Education is Key

By: Arlene Guerra

2 Votes

Education is Key - Arlene Guerra

Point Loma Nazarene University


The earliest memories I can recall are spending my days in beautiful mansions by the beach, playing with my stuffed animals as my mother dusted the tall glass windows with all her strength. These windows reflected the beautiful beach and the peacefulness of the sun setting. I remember watching my mother’s boss relax nearby as my mother catered to her every need. When my mom finished work my brother and I would spend cold nights in the car, waiting for my father to finish the night shift as a cook in a downtown hotel. I was exposed early to the world of hard working labor and these experiences opened my eyes early to the world labor and the toll it took on my parents.

My mom would come home with aches and pains. My dad would arrive home as I was leaving for school with tired and heavy eyes. I could see them both physically and emotionally exhausted from working and not being able to have the luxury of taking time off. I watched as they worked more than 40 hours a week to collect only enough to provide for all the basic necessities Two questions that came to my mind were why and how. Why were my parents working so much and so hard? How my parent’s were bosses privileged to be the boss and simply give direction? As years went by, it began to make sense to me.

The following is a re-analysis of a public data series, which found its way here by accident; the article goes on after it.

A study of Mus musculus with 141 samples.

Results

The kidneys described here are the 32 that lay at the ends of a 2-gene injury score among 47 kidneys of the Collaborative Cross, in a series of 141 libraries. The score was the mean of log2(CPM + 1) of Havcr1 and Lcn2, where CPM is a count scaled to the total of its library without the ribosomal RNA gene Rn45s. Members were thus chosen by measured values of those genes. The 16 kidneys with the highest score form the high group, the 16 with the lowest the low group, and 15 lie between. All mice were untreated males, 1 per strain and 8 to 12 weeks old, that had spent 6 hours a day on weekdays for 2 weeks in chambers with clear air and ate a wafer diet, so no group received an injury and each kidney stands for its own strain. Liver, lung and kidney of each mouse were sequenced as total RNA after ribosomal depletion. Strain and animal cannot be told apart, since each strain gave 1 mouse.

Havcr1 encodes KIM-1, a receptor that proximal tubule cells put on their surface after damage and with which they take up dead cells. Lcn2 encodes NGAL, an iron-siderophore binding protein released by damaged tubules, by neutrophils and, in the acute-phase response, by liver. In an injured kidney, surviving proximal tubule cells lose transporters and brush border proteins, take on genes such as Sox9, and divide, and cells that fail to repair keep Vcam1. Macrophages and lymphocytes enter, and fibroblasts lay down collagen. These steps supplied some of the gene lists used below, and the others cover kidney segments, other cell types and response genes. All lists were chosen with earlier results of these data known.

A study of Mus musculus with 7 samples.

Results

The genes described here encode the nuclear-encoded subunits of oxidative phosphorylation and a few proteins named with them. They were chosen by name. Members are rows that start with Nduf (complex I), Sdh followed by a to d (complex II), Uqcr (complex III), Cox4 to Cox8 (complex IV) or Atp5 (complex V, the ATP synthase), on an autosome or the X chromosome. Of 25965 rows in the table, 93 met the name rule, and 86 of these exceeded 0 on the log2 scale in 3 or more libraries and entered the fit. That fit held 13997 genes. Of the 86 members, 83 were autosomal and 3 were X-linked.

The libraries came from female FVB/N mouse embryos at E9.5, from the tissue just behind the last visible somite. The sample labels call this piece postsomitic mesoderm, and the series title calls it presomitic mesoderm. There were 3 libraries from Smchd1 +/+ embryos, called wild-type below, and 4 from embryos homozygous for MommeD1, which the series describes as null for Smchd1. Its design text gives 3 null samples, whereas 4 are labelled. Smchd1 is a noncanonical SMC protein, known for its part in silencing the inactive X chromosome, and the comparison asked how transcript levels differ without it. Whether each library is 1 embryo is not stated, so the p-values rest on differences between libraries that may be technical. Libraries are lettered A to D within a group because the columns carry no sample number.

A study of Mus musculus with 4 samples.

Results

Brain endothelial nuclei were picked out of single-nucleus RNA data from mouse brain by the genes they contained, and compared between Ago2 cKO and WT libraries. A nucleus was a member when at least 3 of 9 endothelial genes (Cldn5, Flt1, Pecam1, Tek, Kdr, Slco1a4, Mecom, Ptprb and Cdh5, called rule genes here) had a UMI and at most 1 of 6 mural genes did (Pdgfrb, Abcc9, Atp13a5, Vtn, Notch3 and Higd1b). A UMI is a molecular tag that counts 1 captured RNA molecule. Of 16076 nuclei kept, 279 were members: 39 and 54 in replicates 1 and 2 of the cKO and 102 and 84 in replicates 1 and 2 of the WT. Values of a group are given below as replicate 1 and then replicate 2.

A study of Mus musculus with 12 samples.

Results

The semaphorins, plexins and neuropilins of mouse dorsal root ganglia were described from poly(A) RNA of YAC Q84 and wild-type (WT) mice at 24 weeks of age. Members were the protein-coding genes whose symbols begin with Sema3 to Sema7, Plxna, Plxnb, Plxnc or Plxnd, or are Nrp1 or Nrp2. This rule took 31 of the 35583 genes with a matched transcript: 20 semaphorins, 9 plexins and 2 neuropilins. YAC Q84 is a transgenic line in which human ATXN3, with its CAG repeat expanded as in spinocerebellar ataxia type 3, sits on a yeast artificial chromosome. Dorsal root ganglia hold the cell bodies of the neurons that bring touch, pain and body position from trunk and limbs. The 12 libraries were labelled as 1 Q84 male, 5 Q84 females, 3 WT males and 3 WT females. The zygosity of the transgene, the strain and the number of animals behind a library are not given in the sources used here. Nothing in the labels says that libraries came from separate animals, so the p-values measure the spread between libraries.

Both my parents immigrated from El Salvador, escaping the brutal civil war and some of the worst human rights abuses in Latin American history, in search for better opportunities. I am eternally grateful to them for making this sacrifice, something that has given me the opportunity to write to you today.

By working long hours at physically and emotionally draining jobs, my parents limited their ability to receive an education. Watching my parents count every cent to make each month’s rent made me feel like a burden. I felt useless and I wanted to do everything in my power to change our situation. As my parents worked hard with their hands, I resolved to work hard with my intellect.

I came to the conclusion that education was what made the difference between the opportunities my parents had and the opportunities their bosses had. Education has power to define the future, and my education will be the most important in redefining my family’s legacy. I am the first high school graduate and I will be a first generation college graduate. One day I will provide a mansion in which my parents can relax and watch the sunset.